With the French Open in full swing, it’s worth remembering the great Justine Henin –– perhaps the most naturally talented female tennis star to ever grace a clay court.
Henin won seven Grand Slam titles during her illustrious career and her four on clay puts her behind only Chris Evert and Steffi Graf in the Open Era.
Renowned for her resilience and mental toughness, Henin was also famous for her one-handed backhand, which John McEnroe once described as the best he’d ever seen across both men’s and women’s tennis.
Sadly, the Brussels born Belgian was forced to retire before the age of 30 due to a chronic elbow injury. Nonetheless, the 39-year-old is deservedly part of the International Tennis Hall of Fame.
Here’s a look back at the career of the tennis icon, who is now considered Roland-Garros royalty.
French Open success
Henin’s four French Open titles came over the span of five years between 2003 and 2007. Indeed, the only anomaly during this period was a shock defeat to Italy’s Tathiana Garbin in the second round of the 2004 competition.
Aside from that defeat, however, the Belgian was ruthlessly dominant at Roland-Garros –– defeating all who stood in her way.
In 2003, Henin beat Serena Williams in a controversial semi-final, before defeating compatriot Kim Clijsters in the final to become the first Belgian player to ever win a Grand Slam singles title.
Two years later, Henin claimed her second French Open title. After being seeded 10th, the former world number one beat Maria Sharapova and Svetlana Kuznetsova on her way to the final, where she defeated France’s Mary Pierce in straight sets to claim her 24th consecutive victory on clay and her 10th consecutive final win.
The following year, the Beligan won in even more impressive circumstances –– beating Kiljsters again in the semi-finals, before defeating Kuznetsova in the final. Henin won the competition without dropping a single set and became the first player since Graf in 1996 to defend her title.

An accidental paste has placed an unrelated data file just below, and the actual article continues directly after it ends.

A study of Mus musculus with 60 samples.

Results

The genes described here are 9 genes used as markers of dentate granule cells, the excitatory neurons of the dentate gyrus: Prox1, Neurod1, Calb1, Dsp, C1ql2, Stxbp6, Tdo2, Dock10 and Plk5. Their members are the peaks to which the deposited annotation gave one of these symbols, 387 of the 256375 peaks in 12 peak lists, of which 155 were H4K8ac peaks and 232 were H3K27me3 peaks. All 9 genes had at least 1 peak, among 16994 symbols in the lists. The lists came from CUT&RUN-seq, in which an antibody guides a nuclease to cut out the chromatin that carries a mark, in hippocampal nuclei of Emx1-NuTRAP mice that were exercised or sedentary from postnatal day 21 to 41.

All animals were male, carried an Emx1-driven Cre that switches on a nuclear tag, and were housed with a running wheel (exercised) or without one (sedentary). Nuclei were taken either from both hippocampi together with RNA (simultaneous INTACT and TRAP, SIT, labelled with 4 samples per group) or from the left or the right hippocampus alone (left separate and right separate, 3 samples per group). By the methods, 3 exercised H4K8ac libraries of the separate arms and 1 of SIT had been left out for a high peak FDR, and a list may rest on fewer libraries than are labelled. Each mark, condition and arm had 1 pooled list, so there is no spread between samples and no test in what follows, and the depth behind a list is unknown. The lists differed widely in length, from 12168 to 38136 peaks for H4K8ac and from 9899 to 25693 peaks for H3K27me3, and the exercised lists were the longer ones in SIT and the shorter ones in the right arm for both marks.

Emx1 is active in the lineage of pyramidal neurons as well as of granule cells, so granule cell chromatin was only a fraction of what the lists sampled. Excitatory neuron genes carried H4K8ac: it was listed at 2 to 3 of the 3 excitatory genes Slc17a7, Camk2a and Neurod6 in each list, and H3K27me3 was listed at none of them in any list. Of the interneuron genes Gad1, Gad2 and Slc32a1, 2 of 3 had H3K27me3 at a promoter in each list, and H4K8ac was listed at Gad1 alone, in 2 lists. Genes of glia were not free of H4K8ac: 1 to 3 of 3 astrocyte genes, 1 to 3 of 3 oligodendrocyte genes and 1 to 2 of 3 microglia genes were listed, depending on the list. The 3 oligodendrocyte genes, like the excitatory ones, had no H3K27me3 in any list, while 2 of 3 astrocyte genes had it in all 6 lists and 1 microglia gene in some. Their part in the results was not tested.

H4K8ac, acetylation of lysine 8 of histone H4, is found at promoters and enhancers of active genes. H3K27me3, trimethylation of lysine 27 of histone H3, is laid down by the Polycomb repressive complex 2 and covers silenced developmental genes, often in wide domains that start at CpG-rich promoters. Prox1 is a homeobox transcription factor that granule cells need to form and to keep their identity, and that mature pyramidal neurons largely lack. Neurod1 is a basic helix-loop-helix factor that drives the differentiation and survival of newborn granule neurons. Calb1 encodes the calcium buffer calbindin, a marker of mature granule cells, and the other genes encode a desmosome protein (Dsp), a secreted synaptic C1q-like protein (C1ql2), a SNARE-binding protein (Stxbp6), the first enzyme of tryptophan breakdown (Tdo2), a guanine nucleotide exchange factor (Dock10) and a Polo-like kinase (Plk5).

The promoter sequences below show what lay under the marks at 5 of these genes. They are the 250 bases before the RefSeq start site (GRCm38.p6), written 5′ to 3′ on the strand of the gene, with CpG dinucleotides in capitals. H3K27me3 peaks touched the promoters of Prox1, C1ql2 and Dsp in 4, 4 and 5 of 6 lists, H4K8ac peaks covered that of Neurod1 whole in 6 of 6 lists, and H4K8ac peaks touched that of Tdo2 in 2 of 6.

12 months later, it was the same story. Henin, who was the two-time defending champion and top seed, won her third successive title without dropping a single set. At the same time, she also surpassed the $15 million mark in career earnings.
All four Slam finals
While Henin was almost unbeatable on clay for much of her career, she was more than capable on every surface and reached the final of all four Grand Slams in 2006.
At the Australian Open that year, the Belgian defeated Sharapova in the semi-final and stated she was playing the “best tennis of her life.” However, Henin was forced to retire in the final against Amelie Maursemo with a stomach pain –– the first time a player had retired from a major final in the Open Era.
After winning at Roland-Garros, Henin stormed to the final at Wimbledon without dropping a set, where she faced Mauresmo once again. Victory would’ve seen the Belgian complete the career Grand Slam, yet it was Mauresmo who emerged victorious for the second time that year, despite losing the first set.
At the US Open, Henin lost out in the final for the third time, after losing to Sharapova. Nonetheless, she finished the year as the world number one and won the WTA Tour Championships for good measure.
Shock retirement and comeback
In May 2008, Henin stunned the tennis world when she announced her retirement from professional tennis.
In many ways her decision to retire mirrored that of Ashleigh Barty, as Henin was ranked number one at the time and was considered a strong favourite to win her fourth Roland-Garros title in a row.
16 months later, Henin announced her return to tennis and made the final of the Australian Open after being granted a wildcard.
However, this proved to be her last major final appearance, as an elbow injury stunted her progess for much of 2010 and led to her second retirement the following year.
Five years later, Henin became the first Belgian player to be inducted into the International Tennis Hall of Fame.
Having won 43 titles across her carer, including seven majors, two Tour Championships and one Olympic gold medal, Henin achieved almost all there was to win in the sport. And had she not retired in 2008, there’s no telling how many titles she may have won.